Oregon City Council thanks Bihn for her service

Kelly J. Kaczala

        Whether fighting a hazardous waste facility in Oregon, a proposed coke plant along the lakefront, Toledo Edison’s fish killing intake, or the toxic algal blooms in the lake, no one can doubt Sandy Bihn has been at the forefront fighting for issues near and dear to her during decades of public service as tax commissioner, finance director, and city councilwoman. Her last meeting as city councilwoman was Nov. 25. Her colleagues paid tribute to her many contributions over the years.
        “I’d like to thank Sandy Bihn for her years of service,” said Councilman Terry Reeves. “Thanks for your dedication to our citizens.”
        Councilman Tim Zale agreed.
        “Your services are well noted, Sandy. For your passion for what you did here, we thank you very much,” said Zale.
        “I’d like to express my thanks to Sandy’s hard work over the years,” said Councilman James Seaman. “Hopefully, she’ll stay in touch and help us with the issues.” Seaman noted her vast experience and expertise working to improve water quality in the lake. Bihn has been executive director of the Lake Erie Waterkeeper program for the last several years.
        “We need that kind of support because it’s our most important resource – that lake. And Sandy is a good waterkeeper,” said Seaman.
        Councilwoman Kathleen Pollauf thanked Bihn for her passion.
        “I always appreciated the fact that nothing intimidates you,” said Pollauf. “You have strong shoulders to ask the hard questions, and I appreciate that. You’re going to really be missed on council.
        Councilman Steve Hornyak agreed.
        “Thank you Sandy for your passion, your commitment, your service. It certainly has been a privilege to serve with you,” he said.
        “Sandy and I go back a long way,” said Mayor Mike Seferian, who served as a councilman alongside Bihn for many years before becoming mayor.
        “Some people don’t realize what went down in these council chambers at different times. They were very trying times sometimes. A lot happened. I don’t think I can put it into words what we endured at different times. But through it all, we had good times,” said Seferian.
        City Administrator Mike Beazley also thanked Bihn for her service.
        “I know you’re not going to disappear and continue to work on the issues,” he said.
        “I’d like to thank you for your years of service to the community,” said Council President Dennis Walendzak.  “You have a tremendous passion for what you believe in. You continue to push those who push against. Please come back and keep us updated on all the work that you’re doing.”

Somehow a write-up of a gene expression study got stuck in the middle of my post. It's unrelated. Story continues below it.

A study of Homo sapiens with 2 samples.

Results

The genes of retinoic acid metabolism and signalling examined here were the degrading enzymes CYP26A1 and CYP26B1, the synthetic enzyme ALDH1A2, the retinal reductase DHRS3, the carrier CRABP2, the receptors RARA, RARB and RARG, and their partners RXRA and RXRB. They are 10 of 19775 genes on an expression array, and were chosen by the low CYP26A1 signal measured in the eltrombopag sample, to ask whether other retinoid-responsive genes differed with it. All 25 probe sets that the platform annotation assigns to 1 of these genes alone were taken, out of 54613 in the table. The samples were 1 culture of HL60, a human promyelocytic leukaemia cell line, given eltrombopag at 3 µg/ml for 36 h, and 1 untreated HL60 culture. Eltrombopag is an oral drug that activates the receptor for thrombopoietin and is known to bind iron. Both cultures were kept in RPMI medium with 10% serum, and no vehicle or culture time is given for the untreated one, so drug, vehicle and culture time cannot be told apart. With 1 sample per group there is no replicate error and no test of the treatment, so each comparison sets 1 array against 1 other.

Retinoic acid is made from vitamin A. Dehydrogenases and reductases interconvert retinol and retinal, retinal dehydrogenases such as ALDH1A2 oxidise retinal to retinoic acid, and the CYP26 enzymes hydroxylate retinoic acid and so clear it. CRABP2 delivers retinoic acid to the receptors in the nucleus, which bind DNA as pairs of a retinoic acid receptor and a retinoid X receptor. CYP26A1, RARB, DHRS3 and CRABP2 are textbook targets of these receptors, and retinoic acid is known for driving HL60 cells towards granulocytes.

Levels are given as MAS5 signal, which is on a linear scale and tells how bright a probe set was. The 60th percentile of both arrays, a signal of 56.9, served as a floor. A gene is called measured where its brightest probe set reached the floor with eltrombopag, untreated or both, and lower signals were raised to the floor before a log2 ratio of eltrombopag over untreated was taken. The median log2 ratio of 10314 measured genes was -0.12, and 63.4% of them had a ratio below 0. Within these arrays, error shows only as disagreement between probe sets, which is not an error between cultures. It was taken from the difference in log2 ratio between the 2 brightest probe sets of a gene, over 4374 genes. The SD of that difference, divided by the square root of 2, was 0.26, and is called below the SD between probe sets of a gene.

Bihn thanked everyone for their comments.
        “There’s a lot of history in these halls,” said Bihn, “and a lot of memories, a lot of learning, a lot of growing and seasoning.”
        She said she was going to stay involved in the community.
        “I’m not moving out of town. I’m still here,” said Bihn. “I am still a part of our community. I intend to keep you informed and come to council once in a while.”
        She had a few regrets not being able to see some issues come to a conclusion.
        “One of my big regrets is in the fire department. We haven’t reached a consensus on the buildings. The age of the buildings warrants getting new ones – whether two or three. I think we need to focus on it and move it forward. I regret not being able to help more with that during my term.”
        Facility 3, a 500-acre site in Oregon that holds sediment dredged from the Toledo Shipping Channel, has also been an ongoing concern.
        “There’s no parcel number for that. Should there be? Are they paying income taxes when they are working on it? They should be. It’s owned by First Energy, the Toledo-Lucas County Port Authority, and the U.S. Army Corp of Engineers. It’s a 500 acre parcel in our water and in our community. I would like to get a better sense of what the city’s rights are with planning. I don’t know if we can zone it, or if there is any precedent for it. I think questions like this are important to ask now rather than waiting until things get more out of hand. So I offer that as something to follow up on. If you would share what you find with me, I would appreciate it,” said Bihn.
        She would also like to see funding in next year’s city budget to upgrade a gazebo in South Shore Park.
        “The one we have there now is nice. But a larger gazebo to get people to come to the waterfront would be nice. And I hope a boat ramp would also proceed in the budget. I do commit to helping with South Shore Park and the waterfront in Oregon.”
        A long time advocate for beautifying the city, Bihn also wished there were more amenities to showcase Oregon as motorists enter the city.
        “We didn’t get art and landscaping very far. There is no sign off I-280 like there is in Sandusky. It would be really nice to have a signature for our community. I think ODOT has relaxed some of their rules. I didn’t get to finish that. Maybe I can help with that in some way in the future. It would also be nice at Wheeling and Navarre. I think we lack art. I think the landscaping is very important to the character of our community and how we showcase ourselves. It would be inviting to the businesses we so much want to come in,” said Bihn.
        “Thanks to everyone. It’s been great working with you,” concluded Bihn. “I doubt I will come back (on council). But I never close the door entirely. I will be back here. Not in this capacity but in others. I look forward to working with all of you in the future.”